8 Reasons You May Weigh More After A Workout

8 Reasons You May Weigh More After A Workout

Losing weight doesn't always follow from exercising. Furthermore, losing weight doesn't always translate into being more fit. It is completely normal to gain weight after a sweat sesh, even though it may depress some people. Numerous factors can contribute to this common situation, ranging from hormones to constipation to the type of food you're eating after working out. These are the possible reasons for you to be experiencing that increase on the scale.


1. Water retention

The amount of water in your system has a major influence on your weight. For instance, what many people think of as weight loss is actually just water loss due to sweat. And with a higher number, you’re retaining water. Apparently, the amount of water weight can make a difference of up to 10 pounds on the scale! It’s why diuretic diet teas are such a fad online — they flush water out of your system but don’t actually cause true weight loss.

2. Other forms of body mass

Your scale mass isn’t just simply your body weight. It’s a unique combination of bone, fat, muscle, connective tissue, air, urine, intestinal gas, blood, lymph and the brain. Right after a workout, the complex mass from all of these factors can shift. It may shift due to how hydrated you are or how inflamed your muscles are after a workout. 

3. Muscle is denser than fat 

Muscle often looks more attractive than a slender physique. It adds strong curves and a healthy appearance. Due to genetics, some of us put on muscle faster than others. And whenever we gain muscle, that number on the scale goes up. But that’s not a sign that you’re “bulking up” — you can most definitely be losing body weight while your scale weight goes up at the same time. 

4. Hormonal changes

Hormonal changes often cause water retention, which as we discussed is a major reason for temporary weight gain. Pre-menopausal and menopausal women may experience bodyweight fluctuations throughout the month, so this is totally normal. The same goes for women before or during their period when it comes to bloating. If you eat high sodium foods you’re craving during your period, this also increases the likelihood of water retention. 

5. Muscle damage

After a workout, our muscles experience inflammation. This is especially true for those who weight train. When that muscle tissue is damaged, it initiates a repair process that lets them grow and get stronger. However, this temporary structural damage to cells in muscle tissue can cause a build-up of white blood cells, which may appear as weight gain after a workout. If you feel sore the day or two after a workout, you can bet that this is probably happening to you.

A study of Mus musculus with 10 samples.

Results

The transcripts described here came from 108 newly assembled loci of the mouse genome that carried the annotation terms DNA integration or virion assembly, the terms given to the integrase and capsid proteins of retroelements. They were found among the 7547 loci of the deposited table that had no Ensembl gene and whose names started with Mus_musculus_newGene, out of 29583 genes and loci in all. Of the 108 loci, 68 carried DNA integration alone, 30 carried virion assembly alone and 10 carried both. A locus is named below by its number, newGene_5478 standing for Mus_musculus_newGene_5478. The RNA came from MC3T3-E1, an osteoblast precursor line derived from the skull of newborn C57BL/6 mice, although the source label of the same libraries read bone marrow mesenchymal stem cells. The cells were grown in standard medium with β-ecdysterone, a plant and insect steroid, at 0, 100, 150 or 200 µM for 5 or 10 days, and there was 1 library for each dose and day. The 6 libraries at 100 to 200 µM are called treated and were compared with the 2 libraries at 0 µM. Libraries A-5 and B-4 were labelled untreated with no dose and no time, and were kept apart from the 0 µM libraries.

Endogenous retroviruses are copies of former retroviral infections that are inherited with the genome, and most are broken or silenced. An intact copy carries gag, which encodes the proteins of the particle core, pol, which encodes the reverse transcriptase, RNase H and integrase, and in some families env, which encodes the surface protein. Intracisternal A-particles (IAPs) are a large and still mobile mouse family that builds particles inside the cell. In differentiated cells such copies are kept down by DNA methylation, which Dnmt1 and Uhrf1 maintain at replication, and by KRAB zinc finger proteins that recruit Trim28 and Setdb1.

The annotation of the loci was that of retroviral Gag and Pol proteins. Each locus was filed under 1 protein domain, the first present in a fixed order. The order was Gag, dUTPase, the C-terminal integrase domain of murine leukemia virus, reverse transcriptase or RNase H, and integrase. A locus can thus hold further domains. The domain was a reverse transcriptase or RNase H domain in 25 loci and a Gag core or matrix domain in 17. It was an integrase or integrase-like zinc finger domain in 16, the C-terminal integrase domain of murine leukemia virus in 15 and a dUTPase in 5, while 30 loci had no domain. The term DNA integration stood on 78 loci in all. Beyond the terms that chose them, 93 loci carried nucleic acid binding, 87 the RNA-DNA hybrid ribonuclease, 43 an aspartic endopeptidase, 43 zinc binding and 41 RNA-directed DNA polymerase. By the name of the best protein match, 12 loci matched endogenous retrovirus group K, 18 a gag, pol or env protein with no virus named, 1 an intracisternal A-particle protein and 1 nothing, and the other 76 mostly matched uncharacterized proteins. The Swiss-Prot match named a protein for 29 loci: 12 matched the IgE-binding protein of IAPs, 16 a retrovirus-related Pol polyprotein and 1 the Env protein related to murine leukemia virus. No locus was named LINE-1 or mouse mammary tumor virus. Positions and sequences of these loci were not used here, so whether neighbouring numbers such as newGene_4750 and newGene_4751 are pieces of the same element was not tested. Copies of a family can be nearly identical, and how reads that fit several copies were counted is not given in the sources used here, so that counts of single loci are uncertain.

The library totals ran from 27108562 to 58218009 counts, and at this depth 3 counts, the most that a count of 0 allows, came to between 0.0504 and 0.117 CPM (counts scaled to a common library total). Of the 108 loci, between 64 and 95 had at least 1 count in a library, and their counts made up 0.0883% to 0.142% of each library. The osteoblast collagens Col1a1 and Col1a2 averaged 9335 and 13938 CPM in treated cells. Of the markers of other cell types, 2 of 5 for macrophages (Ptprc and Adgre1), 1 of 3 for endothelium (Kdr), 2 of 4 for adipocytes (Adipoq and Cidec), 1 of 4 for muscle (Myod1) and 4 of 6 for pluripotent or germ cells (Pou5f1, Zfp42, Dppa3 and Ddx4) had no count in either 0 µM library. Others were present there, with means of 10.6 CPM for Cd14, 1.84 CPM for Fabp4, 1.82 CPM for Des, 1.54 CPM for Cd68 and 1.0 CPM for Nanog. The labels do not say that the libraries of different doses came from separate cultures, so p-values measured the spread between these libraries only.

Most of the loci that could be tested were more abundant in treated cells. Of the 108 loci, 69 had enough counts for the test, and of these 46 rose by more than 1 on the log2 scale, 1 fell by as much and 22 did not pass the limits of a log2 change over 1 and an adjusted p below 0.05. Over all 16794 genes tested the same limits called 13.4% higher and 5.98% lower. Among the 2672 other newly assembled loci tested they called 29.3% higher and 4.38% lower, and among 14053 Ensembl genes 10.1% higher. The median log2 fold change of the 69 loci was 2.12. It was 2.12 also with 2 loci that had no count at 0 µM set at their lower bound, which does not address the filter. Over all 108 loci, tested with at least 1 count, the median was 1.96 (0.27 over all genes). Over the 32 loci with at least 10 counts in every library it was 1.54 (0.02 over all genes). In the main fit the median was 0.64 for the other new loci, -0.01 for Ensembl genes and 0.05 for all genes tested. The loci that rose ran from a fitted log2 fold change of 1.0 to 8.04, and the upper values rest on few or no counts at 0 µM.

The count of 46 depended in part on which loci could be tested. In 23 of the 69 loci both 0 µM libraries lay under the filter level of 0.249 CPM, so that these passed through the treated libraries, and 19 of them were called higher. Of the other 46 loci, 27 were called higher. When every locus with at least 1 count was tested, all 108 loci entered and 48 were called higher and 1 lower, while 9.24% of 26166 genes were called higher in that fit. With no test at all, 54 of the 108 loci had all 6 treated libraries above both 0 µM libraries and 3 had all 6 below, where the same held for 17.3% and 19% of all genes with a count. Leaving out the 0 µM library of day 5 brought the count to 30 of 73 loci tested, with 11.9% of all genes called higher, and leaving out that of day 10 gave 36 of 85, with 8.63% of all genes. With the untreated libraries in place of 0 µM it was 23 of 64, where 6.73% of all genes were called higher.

6. Supplements

Supplements or nutrition can also be a cause of gaining weight after a workout. Since exercising deprives our bodies of glycogen, we often replenish after a workout with carb-heavy beverages. While carbohydrates do help us recover, our body retains three grams of water for just one gram of glycogen that it stores. Creatine can also cause fluid retention.

7. Fibrous foods

If your diet is filled with fibre-rich foods and you often refuel with them after a workout. Fibre causes the colon to retain water. Insoluble fibre can also increase stool weight. While you shouldn’t by any means avoid fibre,  it is worth knowing that before your stool is passed, it may show up as an increase in weight. 

8. Increased muscle fuel

The process of our body providing energy to new muscles can also add weight via water retention. Glycogen that muscles cells convert into glucose is the energy source. When you regularly work out,  your body begins to store more and more glycogen to fuel that level of exercise. Glycogen needs to bind with water as part of that process, which can add a little temporary weight, initially. After muscles become more accustomed, they won’t need as much glycogen.

Is it worth paying attention to?

Ultimately, these minor fluctuations aren’t an indication of your overall fitness journey and are nothing to worry about. A number on the scale shouldn’t define or track the progress you’ve made. Human beings are complex, and being lighter definitely doesn’t equate to being healthier.